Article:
I am returning to the topic of the insidious role of wheat for many people because of some fascinating new information that further corroborates the negative side of wheat consumption for human health.
In a way, I was lucky at thirteen to have experience a period of severe ill health where I lacked energy, had serious skin problems, and felt emotionally unstable. In fact, at one point I thought that if this is what life was all about, it sure was not much fun. I felt horrible body and soul. Until my mother figured out that I had hypoglycemia, and I changed my diet and undertook a mega vitamin regime.
I can still recall being told to give up not only sugar but also all wheat products. I was a bread-aholic. I could go through a loaf of bread a day. It was hard to stop eating wheat, but within one to two days I felt so much better I knew it was well worth it. In fact, within a week of not eating any bread or wheat products I almost was back to “normal.”
That was many years ago. And while I have gradually relaxed some of my dietary restrictions, I still find that every time I eat bread or any wheat product I feel awful afterwards. It is a groggy, fuzzy, dull and tired feeling that can take hours for me to get through.
In the last few years, more and more people seem to be finding that they do not feel good eating wheat. And there are more and more food items being sold that are gluten free.
But I have always have had the hunch that, at least for my body, the problem I have digesting wheat has nothing to do with gluten. In fact, when I read the symptoms of celiac disease, none of them resonate with me. So it has always been a bit of a mystery why wheat and I just don’t seem to get along.
Until the other day, when a friend emailed me a fascinating article titled “The Dark Side of Wheat,” by Sayer Ji. The article begins as follows, “Now that celiac disease has been allowed official entry into the pantheon of established medical conditions, and gluten intolerance is no longer entirely a fringe concept, the time has come to draw attention to the powerful little chemical in wheat known as ‘wheat germ agglutinin’ (WGA) which is largely responsible for many of wheat’s pervasive, and difficult to diagnose, ill effect. Not only does WGA throw a monkey wrench into our assumptions about the primary cause of wheat intolerance, but due to the fact that WGA is found in highest concentrations in “whole wheat,” it also pulls the rug out from under of the health food industry’s favorite poster children.”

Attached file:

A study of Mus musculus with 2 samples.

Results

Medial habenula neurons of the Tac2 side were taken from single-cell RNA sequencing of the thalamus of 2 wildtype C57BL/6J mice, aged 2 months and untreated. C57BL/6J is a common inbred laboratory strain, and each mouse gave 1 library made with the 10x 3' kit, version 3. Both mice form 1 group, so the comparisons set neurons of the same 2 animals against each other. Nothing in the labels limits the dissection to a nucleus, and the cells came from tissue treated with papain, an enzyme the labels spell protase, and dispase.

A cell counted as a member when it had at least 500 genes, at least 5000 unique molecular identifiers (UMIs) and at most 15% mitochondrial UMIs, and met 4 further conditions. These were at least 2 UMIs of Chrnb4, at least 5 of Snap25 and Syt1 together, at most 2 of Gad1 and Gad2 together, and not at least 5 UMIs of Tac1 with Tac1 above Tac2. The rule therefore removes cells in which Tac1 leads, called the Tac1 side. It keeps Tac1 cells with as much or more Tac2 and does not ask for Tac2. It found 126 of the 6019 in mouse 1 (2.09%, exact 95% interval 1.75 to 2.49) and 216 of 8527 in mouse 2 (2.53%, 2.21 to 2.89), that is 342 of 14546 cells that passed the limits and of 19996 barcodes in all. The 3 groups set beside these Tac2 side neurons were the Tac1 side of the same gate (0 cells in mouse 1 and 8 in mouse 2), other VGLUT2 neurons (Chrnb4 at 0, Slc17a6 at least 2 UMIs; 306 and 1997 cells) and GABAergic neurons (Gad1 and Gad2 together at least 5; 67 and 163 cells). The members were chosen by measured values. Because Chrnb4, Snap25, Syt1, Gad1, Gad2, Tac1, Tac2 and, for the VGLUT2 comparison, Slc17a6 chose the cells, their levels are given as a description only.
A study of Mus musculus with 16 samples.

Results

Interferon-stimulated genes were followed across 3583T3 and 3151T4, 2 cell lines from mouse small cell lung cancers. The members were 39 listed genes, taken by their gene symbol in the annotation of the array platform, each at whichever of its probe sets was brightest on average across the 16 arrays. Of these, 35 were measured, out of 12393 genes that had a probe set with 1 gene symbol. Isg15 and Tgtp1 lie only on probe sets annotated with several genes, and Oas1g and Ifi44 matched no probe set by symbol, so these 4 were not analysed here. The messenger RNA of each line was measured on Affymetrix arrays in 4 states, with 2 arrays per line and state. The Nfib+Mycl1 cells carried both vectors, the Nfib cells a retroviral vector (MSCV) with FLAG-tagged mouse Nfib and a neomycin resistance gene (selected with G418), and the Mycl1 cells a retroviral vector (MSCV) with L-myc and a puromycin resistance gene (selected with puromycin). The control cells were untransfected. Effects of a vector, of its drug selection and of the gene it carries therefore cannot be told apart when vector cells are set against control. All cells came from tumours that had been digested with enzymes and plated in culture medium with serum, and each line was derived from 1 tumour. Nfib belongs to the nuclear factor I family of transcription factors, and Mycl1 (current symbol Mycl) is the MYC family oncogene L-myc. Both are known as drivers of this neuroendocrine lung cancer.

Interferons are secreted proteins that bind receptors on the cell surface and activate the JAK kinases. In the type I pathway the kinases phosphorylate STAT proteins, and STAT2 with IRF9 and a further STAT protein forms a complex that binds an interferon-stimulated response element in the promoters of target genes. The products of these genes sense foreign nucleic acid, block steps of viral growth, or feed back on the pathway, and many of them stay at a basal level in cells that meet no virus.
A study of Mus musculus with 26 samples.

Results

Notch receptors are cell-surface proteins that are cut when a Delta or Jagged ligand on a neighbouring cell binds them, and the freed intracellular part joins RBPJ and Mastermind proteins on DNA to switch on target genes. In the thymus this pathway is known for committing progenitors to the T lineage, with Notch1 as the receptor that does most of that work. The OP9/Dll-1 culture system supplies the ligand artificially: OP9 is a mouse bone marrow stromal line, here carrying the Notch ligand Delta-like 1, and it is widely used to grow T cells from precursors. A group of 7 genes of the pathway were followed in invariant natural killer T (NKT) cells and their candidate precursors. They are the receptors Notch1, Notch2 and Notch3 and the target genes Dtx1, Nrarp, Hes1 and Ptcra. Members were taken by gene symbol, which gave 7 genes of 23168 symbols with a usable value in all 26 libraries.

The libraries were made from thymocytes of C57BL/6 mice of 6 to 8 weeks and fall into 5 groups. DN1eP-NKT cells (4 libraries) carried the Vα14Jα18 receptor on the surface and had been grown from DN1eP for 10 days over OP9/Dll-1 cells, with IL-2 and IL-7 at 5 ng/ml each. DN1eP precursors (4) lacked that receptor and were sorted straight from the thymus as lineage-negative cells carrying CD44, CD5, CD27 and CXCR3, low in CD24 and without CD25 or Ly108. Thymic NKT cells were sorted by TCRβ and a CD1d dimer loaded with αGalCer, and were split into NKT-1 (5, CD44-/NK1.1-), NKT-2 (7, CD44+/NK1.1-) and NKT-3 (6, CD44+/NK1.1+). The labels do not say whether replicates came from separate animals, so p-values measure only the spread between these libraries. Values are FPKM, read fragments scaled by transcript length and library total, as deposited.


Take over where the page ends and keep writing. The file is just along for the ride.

The author explains that WGA is the lectin in wheat that, as in all grains, are the plant’s “protection” mechanism. However, due to the nature of the modern wheat seed created over thousands of years of selective wheat breeding by man to produce more protein, the wheat lectin has increased proportionally. Nowadays, wheat is very complex, with six distinct sets of chromosomes that can product over 23,000 unique proteins.
WGA can have various effects upon our body, especially if we are experiencing any kind of infection or have a comprised immune system. To begin with, WGA stimulates the synthesis of pro-inflammatory chemical messengers. WGA is rats induces thymus atrophy and may be both immunotoxic and neurotoxic for humans. If this is not enough, WGA is thought to disrupt the endocrine function, and has been implicated in obesity and insulin resistance. It can also adversely affect the gastrointestinal function.
As I read this article, I found scientific evidence that finally explains what my own body has been telling me for decades –that eating wheat is not good for my health.